Flare Gas (Prevention of Waste and Pollution) Regulations, 2018

Flare Gas (Prevention of W&P) Regulations, 2018

The Federal Government of Nigeria (FGN) published the Flare Gas (Prevention of Waste and Pollution) Regulations, 2018 (“the Regulations”) in October 2018 (although it was signed on 5 July 2018)1. The thrust of the Regulations is to facilitate the conversion of Flare Gas to a marketable gas product, and the development of a competitive bidding process for entities wishing to access and utilise gas that is currently being flared.

Wole Obayomi

Partner, Tax, Regulatory & People Services

KPMG in Nigeria

Flare Gas (Prevention of Waste and Pollution) Regulations, 2018

The objectives of the Regulations are essentially to:

(i) reduce the environmental and social impact caused by the flaring of natural gas,

(ii) protect the environment,

(iii) prevent waste of natural resources, and

(iv) create social and economic benefits from gas flare capture.

Key Highlights

The key provisions of the Regulations are as follows:

I. Ownership of Associated Gas (AG)

Section 2 of the Regulations reaffirms the rights of the FGN as enshrined in the provisions of Paragraph 35(b)(i) of the First Schedule to the Petroleum Act, to take all natural gas associated with crude oil free of cost and without payment of royalty.

II. Assignment of Flare Gas

To facilitate the reduction in Flare Gas, The Minister of Petroleum Resources (“the Minister”) may, by the issuance of a Permit, authorise a qualified applicant (QA) selected through an open competitive bidding process to acquire Flare Gas on behalf of the FGN.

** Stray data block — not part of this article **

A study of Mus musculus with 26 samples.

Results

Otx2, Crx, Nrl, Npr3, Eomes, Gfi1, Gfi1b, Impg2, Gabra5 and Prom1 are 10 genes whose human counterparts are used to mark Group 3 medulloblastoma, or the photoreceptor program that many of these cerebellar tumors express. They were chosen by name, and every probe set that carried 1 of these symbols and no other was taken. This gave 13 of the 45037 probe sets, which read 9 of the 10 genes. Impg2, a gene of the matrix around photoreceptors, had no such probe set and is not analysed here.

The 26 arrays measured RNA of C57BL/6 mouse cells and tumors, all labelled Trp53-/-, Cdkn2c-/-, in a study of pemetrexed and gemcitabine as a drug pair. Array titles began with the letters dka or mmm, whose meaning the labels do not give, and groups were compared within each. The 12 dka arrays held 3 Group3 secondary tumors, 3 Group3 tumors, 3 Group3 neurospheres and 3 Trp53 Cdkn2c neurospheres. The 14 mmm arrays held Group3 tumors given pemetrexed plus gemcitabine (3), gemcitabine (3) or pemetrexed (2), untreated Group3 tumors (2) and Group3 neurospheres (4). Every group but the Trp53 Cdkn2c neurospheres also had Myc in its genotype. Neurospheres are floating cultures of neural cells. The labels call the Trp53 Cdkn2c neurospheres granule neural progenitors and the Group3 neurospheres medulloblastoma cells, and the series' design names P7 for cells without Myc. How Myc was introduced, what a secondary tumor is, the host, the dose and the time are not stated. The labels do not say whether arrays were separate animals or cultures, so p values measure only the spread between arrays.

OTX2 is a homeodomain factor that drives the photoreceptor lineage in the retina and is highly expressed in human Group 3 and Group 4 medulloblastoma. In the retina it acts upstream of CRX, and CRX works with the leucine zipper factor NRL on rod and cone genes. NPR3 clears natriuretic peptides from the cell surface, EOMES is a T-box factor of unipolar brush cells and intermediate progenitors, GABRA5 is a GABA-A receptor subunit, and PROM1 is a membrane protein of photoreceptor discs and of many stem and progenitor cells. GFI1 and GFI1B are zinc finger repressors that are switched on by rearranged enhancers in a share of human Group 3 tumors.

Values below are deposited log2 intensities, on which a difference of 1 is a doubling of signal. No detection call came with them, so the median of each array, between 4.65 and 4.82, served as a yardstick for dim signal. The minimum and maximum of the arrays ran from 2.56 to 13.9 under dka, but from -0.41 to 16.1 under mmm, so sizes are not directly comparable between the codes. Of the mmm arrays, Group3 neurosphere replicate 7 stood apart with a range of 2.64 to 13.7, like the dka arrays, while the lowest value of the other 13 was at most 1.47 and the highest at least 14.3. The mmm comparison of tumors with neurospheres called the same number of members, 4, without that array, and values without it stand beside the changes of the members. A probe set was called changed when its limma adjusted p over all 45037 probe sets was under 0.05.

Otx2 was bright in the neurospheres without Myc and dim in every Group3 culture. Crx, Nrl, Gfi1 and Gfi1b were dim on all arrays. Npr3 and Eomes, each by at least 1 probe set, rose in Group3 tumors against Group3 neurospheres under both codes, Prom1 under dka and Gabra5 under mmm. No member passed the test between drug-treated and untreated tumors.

III. Qualification as a Permit Holder

The Regulations defines a QA as an interested bidder who meets the requirements/qualifications for the tender process and intends to utilise gas for its own purpose or for sale to third parties. QAs will be required to submit a bid bond (i.e., 1% of the estimated project capital expenditure not exceeding $1 million) alongside their proposal, which will be valid for a period not less than six months after the bid submission due date. Subsequent to the bid process, the QA with the highest ranking proposal will be selected as a preferred bidder (PB). The PB will be required to pay a milestone bond and meet certain conditions set out by the Department of Petroleum Resources (DPR) to access Flare Gas before becoming a Permit Holder (PH). PHs will be required to pay performance bonds.

According to the DPR, Flare Gas sites accessible to a PH are only those specified in its permit. The permit can be revoked by the Minister where a PH is unable to fulfil the conditions stated therein, and may be deemed to have forfeited its status. Although a Non Resident Company (NRC) can participate in the bid process as a QA and be selected as a PB, such NRC must incorporate a company in Nigeria, to obtain the permit to access Flare Gas from the Minister (i.e., to become a PH).